My mother received wonderful news recently regarding some health conditions that have been causing her more anguish than physical pain. She’s very independent (sometimes too independent), still drives and has a life of her own. She doesn’t need me or my brother to take care of her on a day-to-day basis.
Our generation has been renamed the “Aging Baby Boomers” for good reason. We’re aging a lot faster than we want to, along with our parents. Many of us have already lost one, if not both parents. We lost our father a few years back and quite frankly, I’m not ready to give up my mother. She still irons my work shirts.
Without a retirement plan to help her through the Golden Years, in my eyes, we are her retirement plan. Instead of depending on a monthly check, my mother can withdraw, without penalty, any service she requires.
She took care of us for all those years as kids and as we got older, put in countless hours of babysitting, housecleaning and meal production (she’s Italian, you know). When it comes to taking care of her after a health issue or chauffeuring her to varying doctor appointments, we are invaluable to her. When she needs us, we will be there for her.
You know what keeps her up at night? Worrying that one of us might have to take a half-day off work to take her to an appointment. Whatever health problem she may have to endure, she worries more about disrupting our lives.
With Mother’s Day right around the corner, give your mother the only gift she really wants: spending time with you. Don’t just show up for dinner when invited, stop by when she’s not expecting you. Call her every now and then, for no reason at all, just to say hello. Think about what your lives will be like when your adult children are on their own and with their own families. How much you are going to miss them?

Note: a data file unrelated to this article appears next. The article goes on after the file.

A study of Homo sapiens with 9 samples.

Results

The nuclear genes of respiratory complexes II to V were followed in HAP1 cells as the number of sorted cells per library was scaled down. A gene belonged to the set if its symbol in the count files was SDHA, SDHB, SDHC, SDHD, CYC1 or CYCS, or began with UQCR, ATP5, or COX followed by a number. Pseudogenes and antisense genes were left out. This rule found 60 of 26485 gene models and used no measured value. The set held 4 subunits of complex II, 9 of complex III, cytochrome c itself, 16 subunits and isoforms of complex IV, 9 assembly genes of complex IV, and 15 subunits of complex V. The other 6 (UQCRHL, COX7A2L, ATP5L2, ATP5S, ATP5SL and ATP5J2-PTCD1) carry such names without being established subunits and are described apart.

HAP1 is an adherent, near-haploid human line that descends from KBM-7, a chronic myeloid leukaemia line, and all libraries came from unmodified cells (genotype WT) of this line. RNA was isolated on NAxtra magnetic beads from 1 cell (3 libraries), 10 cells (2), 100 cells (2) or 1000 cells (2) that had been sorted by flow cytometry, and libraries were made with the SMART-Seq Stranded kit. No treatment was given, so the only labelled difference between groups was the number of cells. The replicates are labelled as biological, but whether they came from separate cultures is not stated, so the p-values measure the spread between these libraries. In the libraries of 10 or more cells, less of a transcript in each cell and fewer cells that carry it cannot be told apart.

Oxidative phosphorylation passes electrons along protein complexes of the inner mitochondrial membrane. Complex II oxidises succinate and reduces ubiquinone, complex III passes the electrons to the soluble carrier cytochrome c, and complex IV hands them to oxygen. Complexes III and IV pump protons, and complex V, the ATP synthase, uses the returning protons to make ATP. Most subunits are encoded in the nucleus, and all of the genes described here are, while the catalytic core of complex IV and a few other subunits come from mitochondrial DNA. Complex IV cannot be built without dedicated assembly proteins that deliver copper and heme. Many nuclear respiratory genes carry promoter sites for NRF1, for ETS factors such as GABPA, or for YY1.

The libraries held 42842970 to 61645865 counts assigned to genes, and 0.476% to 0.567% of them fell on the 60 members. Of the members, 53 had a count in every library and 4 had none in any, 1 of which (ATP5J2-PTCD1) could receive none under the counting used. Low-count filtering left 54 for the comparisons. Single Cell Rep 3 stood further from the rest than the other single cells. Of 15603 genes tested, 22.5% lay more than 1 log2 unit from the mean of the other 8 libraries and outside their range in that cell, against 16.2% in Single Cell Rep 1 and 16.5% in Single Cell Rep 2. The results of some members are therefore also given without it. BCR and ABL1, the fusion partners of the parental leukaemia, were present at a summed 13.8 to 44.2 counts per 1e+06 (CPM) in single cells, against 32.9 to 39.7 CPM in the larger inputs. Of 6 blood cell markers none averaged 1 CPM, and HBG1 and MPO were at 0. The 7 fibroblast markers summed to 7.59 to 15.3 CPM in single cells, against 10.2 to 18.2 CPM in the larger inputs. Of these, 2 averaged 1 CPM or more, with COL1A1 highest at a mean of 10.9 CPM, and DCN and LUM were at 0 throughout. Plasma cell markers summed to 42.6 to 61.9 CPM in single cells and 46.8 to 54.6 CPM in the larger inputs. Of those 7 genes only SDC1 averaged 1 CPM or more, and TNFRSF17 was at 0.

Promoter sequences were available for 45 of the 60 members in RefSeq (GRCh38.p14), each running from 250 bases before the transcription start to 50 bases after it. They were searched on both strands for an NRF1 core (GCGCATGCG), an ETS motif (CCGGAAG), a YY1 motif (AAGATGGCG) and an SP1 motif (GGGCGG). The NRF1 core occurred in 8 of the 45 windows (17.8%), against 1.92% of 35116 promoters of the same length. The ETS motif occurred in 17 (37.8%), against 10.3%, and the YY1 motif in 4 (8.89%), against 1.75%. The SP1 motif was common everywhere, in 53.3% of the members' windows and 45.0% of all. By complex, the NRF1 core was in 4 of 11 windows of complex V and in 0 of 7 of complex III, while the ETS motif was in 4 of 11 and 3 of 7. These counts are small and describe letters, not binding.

Let me offer an open letter to my mother from her boys:
Mom—You dedicated your life to us when we were young and taught us how to love and understand. You prepared us for this journey called life, picking us up when we were down and shining a light along the path when it was dark. You taught us how to appreciate music and laugh at The Honeymooners. Most importantly, you taught us how to respect ourselves and others. Without you or Dad, we wouldn’t be the men we are today.
So now it’s our turn.
Helping when you need us is not disrupting anything. It’s not an intrusion. You’ve earned that from us. This is one retirement plan that will never run out of capitol.
There’s a beautiful piece that is attributed to “unknown author” that I’d like to share:
Your mother is always with you. She’s the whisper of the leaves as you walk down the street. She’s the smell of certain foods you remember, flowers you pick, the fragrance of life itself. She’s the hand on the brow when you’re not feeling well. She’s your breath in the air on a cold winter’s day. She is the sound of the rain that lulls you to sleep, she’s the colors of the rainbow; she is Christmas morning. Your mother lives inside your laughter. She’s the place you came from, your first home, and she is the map you follow with every step you take. She’s your first love, your first friend, even your first enemy, but nothing on earth can separate you. Not time, not space, not even death.
Mom, from the time we were babies, we looked up to you and Dad. Now it is time for you to look up to us and know that you’re in good hands.
Besides, who’s going to iron my shirts?
Paul DiSclafani, a Massapequa resident, is a 2018 Press Club of Long Island award winning columnist and an Anton Media Group contributor since 2016.